Mike Pence was a young lawyer on the rise, challenging a longtime Democratic congressman in a Republican-leaning Indiana district.
And then, scandal.
Campaign finance records from the 1990 effort showed that Pence, then 31, had been using political donations to pay the mortgage on his house, his personal credit card bill, groceries, golf tournament fees and car payments for his wife.
The spending had not been illegal at the time. But it stunned voters - and undermined Pence's strategy to portray the incumbent, Rep. Philip R. Sharp, as tainted by donations from special-interest political action committees.
"It was a brazen act of hypocrisy," said Billy Linville, who was Sharp's campaign manager. "It was a bombshell, for sure. . . . Without question, he may well have won the election if it had not been for that."
Pence's early stumble proved to be a defining moment, prompting a period of public remorse that helped create the wholesome image many Republicans now say makes him an ideal running mate to counterbalance the bombastic Donald Trump.
In the months after that 1990 defeat, Pence waged a statewide apology tour and disavowed negative campaigning. He told a local reporter that using campaign funds for personal expenses had been "an exercise in naivete."
Pence's 1990 race also led to key changes in campaign finance policies. Experts say that subsequent rules passed by the Federal Election Commission barring the use of campaign funds for personal needs were the direct result of ethics concerns raised by Pence's actions.
Jason Miller, a Trump campaign spokesman, said that Pence had done nothing wrong in the 26-year-old episode and that the FEC had determined that he was "100 percent compliant with the law at that time."
Pence first challenged Sharp in 1988, losing to the then-seven-term incumbent by more than six percentage points. Pence's line of attack was narrow, mostly focused on the support Sharp received from PAC money.
But that campaign provided early hints that Pence was willing to go for the jugular. One Pence mailer depicted images of a razor blade, white powder and rolled-up cash, and declared: "There's something Phil Sharp isn't telling you about his record on drugs." The brochure left readers hanging until a subsequent page: "It's weak," the ad read, using letters formed in powder.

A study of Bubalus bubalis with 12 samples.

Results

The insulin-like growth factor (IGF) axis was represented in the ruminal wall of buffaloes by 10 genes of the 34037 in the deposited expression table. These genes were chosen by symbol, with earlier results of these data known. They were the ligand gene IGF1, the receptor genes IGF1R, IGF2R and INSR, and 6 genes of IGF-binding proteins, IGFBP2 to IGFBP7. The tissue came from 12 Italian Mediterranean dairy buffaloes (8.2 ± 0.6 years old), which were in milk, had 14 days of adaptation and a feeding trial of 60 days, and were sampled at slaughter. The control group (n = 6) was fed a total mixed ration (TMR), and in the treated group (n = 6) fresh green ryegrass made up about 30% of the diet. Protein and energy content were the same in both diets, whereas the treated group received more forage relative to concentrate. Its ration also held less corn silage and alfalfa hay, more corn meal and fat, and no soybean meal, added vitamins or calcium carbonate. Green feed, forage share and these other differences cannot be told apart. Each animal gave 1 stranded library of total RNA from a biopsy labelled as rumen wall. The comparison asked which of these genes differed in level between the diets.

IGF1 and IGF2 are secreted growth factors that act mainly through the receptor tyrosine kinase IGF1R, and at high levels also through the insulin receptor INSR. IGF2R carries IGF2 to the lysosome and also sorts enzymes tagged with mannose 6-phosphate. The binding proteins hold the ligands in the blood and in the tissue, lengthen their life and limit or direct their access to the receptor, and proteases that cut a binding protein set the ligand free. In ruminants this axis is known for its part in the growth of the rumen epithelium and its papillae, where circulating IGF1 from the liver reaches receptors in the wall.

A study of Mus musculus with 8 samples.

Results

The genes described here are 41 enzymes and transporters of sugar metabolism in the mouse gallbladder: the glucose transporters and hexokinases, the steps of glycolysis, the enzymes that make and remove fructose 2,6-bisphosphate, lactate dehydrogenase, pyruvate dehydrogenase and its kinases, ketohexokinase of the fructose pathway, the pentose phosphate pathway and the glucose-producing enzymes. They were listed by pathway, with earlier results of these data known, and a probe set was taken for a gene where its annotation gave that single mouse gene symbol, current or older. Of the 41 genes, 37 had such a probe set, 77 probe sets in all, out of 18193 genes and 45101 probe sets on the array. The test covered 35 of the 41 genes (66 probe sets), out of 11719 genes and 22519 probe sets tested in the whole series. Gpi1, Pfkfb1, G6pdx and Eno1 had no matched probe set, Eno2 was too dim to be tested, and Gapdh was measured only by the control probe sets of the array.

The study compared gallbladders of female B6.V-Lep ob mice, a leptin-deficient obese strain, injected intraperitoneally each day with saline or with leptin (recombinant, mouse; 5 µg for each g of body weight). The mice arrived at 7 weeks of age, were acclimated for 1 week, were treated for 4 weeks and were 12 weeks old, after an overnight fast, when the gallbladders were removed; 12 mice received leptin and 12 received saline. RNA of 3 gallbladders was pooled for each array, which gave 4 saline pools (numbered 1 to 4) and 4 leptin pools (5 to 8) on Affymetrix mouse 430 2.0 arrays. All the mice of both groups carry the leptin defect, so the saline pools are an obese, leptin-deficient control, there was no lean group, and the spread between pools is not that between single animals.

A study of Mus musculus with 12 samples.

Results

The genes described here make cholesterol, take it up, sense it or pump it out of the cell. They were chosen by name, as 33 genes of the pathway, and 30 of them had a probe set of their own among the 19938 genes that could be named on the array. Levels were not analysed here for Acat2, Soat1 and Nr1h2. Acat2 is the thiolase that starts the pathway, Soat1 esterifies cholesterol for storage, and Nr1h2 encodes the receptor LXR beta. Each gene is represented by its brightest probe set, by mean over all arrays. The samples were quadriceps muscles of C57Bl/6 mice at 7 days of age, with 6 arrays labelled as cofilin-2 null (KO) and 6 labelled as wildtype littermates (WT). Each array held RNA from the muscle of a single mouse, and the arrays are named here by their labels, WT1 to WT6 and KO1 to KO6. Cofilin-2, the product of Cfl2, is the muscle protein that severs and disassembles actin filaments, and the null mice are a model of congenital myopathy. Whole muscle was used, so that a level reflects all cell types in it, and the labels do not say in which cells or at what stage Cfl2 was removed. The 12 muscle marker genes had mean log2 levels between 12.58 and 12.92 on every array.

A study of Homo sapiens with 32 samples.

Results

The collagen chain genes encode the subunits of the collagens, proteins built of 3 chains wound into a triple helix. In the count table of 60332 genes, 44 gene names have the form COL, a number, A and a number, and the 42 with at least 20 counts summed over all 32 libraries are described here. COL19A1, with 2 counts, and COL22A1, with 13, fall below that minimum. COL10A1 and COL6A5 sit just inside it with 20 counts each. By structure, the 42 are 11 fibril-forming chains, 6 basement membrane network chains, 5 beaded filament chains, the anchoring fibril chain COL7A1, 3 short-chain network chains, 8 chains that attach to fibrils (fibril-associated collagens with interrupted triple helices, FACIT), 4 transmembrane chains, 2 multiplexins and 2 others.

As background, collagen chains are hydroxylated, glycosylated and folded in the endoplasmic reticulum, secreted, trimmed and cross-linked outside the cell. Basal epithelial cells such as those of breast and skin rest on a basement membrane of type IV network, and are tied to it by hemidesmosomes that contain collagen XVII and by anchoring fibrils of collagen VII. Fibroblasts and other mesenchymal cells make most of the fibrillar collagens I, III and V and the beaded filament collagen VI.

The Washington Post obtained a copy of the brochure from Sharp's archived papers at Ball State University in Muncie, Indiana.
Two years later, Pence tried again, promising to focus on issues Indiana voters cared about and accusing his Democratic opponent of favoring big government. Pence wanted to win so badly that, according to a local newspaper report at the time, he kept a sign in his office that read "congressman in training."
When news of Pence's campaign spending broke, his opponent made the most of it. Linville, Sharp's campaign manager, held a news conference, waved Pence's campaign finance reports in the air and declared, "If you're giving money to Mike Pence, you're paying his mortgage."
Pence was unapologetic at the time, telling reporters that he had taken a 30 percent pay cut to run for office and needed the money. "I'm not embarrassed that I need to make a living," he said.
Miller, the Trump campaign spokesman, pointed to the FEC's proceedings to underscore that Pence had done nothing wrong.
"The nonpartisan Office of General Counsel at the FEC reviewed them, and the complaints were dismissed," Miller said.
Pence, who had incorporated his deep Christian faith into his campaign, also had to deal with the repercussions of his negative efforts, which had hurt his public image.
He offered advice for how would-be candidates could avoid the financial pinch that led him to tap campaign funds for personal expenses: "Don't quit your day job."